They took me in my nightgown.
Thinking back, the signs were there — family photos burned in the fireplace, Mother sewing her best silver and jewelry into the lining of her coat late at night, and Papa not returning from work. My younger brother, Jonas, was asking questions. I asked questions too, but perhaps I refused to acknowledge the signs. Only later did I realize that Mother and Father intended we escape. We did not escape.
We were taken.
– Between Shades of Gray, Chapter One
I don’t often read adult books. I have only read a few over the past two or so years. Among my favorite have been Orphan Train by Christina Baker Kline, A Man Called Ove by Fredrik Backman, and All the Light We Cannot See by Anthony Doerr.
Because I have read so few adult books, I have never written a review for one. This will be the very first adult book review I’ve done, so I hope you enjoy!
Fifteen-year-old Lina is a Lithuanian girl living an ordinary life — until Soviet officers invade her home and tear her family apart. Separated from her father and forced onto a crowded train, Lina, her mother, and her young brother make their way to a Siberian work camp, where they are forced to fight for their lives. Lina finds solace in her art, documenting these events by drawing. Risking everything, she imbeds clues in her drawings of their location and secretly passes them along, hoping her drawings will make their way to her father’s prison camp. It takes everything she has to fight her feelings and just stay alive.
What makes this book worth reading
Between Shades of Gray was one of those books that just draws you in on the first page. The story of Lina and her family was both heart-wrenching and beautifully written.
It plays with your hearts strings, at times you aren’t sure whether to laugh or cry, or both!
One thing I loved about this book was that you get insight into a part of history that is not well known, at least not in this part of the world. When you think about 1941, you automatically think about World War II. You think about Hitler and the allies. Not necessarily about the tyranny of the Russians towards all surrounding countries.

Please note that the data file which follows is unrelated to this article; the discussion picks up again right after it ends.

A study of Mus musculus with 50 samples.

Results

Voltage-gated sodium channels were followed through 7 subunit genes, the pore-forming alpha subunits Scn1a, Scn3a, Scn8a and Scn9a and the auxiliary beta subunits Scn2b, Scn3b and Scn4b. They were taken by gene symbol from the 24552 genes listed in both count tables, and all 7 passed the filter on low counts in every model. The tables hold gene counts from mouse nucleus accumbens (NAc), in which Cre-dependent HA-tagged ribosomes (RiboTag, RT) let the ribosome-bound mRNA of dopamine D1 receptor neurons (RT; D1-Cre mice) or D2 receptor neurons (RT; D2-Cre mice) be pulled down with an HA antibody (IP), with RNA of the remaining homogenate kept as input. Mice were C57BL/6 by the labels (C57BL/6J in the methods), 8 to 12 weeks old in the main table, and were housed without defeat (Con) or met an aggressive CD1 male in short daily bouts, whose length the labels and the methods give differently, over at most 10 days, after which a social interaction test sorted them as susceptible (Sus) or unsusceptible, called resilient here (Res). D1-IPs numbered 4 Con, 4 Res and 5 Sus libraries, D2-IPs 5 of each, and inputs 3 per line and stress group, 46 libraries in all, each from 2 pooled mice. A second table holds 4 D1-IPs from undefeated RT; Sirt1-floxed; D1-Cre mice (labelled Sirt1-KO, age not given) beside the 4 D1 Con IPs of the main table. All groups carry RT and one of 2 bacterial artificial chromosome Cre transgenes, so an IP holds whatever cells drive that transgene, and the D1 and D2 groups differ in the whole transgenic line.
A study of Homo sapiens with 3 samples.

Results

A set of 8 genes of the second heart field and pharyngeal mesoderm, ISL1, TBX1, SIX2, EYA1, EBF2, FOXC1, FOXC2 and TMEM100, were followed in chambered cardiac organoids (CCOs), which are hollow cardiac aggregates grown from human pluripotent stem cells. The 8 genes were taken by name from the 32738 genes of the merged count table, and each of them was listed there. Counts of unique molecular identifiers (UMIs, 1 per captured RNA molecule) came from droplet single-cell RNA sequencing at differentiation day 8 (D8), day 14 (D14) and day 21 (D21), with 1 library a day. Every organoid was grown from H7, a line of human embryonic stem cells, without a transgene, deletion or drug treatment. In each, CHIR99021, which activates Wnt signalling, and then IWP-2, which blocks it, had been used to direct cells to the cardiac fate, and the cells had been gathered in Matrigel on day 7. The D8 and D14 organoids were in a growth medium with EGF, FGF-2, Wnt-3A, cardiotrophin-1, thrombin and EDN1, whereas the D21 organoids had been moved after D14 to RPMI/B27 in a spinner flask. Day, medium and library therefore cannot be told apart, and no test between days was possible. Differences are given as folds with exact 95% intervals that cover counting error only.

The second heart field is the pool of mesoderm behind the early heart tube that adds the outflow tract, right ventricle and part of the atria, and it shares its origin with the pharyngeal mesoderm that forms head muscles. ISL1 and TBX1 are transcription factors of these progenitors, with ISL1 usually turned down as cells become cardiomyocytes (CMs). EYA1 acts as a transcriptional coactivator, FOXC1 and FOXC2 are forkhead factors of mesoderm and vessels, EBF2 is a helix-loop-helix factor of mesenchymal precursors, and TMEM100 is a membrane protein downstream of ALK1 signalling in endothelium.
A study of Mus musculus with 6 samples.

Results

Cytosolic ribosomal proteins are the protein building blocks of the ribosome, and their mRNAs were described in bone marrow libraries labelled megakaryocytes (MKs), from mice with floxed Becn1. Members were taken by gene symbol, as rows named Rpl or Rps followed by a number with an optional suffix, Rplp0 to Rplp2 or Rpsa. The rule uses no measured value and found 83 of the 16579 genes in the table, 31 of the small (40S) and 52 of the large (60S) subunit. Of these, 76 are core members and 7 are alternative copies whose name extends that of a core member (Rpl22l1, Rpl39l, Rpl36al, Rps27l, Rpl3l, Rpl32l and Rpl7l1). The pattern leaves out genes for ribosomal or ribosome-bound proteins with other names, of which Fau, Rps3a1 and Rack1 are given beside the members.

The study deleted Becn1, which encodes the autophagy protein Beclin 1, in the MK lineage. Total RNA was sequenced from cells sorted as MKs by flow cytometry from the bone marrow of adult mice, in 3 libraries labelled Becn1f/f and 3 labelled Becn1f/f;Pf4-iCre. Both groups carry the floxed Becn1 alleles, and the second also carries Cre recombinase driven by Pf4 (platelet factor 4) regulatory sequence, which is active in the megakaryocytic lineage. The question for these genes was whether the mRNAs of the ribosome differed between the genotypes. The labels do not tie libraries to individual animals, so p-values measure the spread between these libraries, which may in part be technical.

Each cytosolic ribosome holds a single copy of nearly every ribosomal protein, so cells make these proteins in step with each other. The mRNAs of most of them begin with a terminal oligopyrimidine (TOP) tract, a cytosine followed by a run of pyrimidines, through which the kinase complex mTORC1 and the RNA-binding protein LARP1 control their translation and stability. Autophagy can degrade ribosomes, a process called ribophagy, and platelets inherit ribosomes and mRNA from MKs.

The mass relocation of innocent people to work-camps and prisons, most dying on the journey was going on side-by-side with World War II. However, it didn’t end when the war ended but went on for several years afterwards.
Between Shades of Gray by Ruta Sepetys is definitely not intended for younger readers. It is what you might consider, a ‘heavy’ read. There is no sugar coating on the horrendous reality of the situation. There is suffering, illness, and even death. Lots of death, in fact. But the way the author handled these tragedies was in a very delicate manner.
Among all of the death and suffering, you witness a tremendous will to live, a will to overcome, and make it through. You see compassion, generosity, tenderness, and changing of heart. Even the most miserable and evil characters have a better side to them.
Lina doesn’t have much faith in anyone. She doesn’t see the good in everyone. She can’t understand why her mother helps others.
But as the story goes on, suddenly people who were never nice to her or her family do something unexpectedly kind.
The fusion of tyranny, evil, suffering, and death with compassion, generosity, and change of heart is what makes this story come to life. It is what makes it beautiful.
“The most beautiful people I’ve known are those who have known trials, have known struggles, have known loss, and have found their way out of the depths.”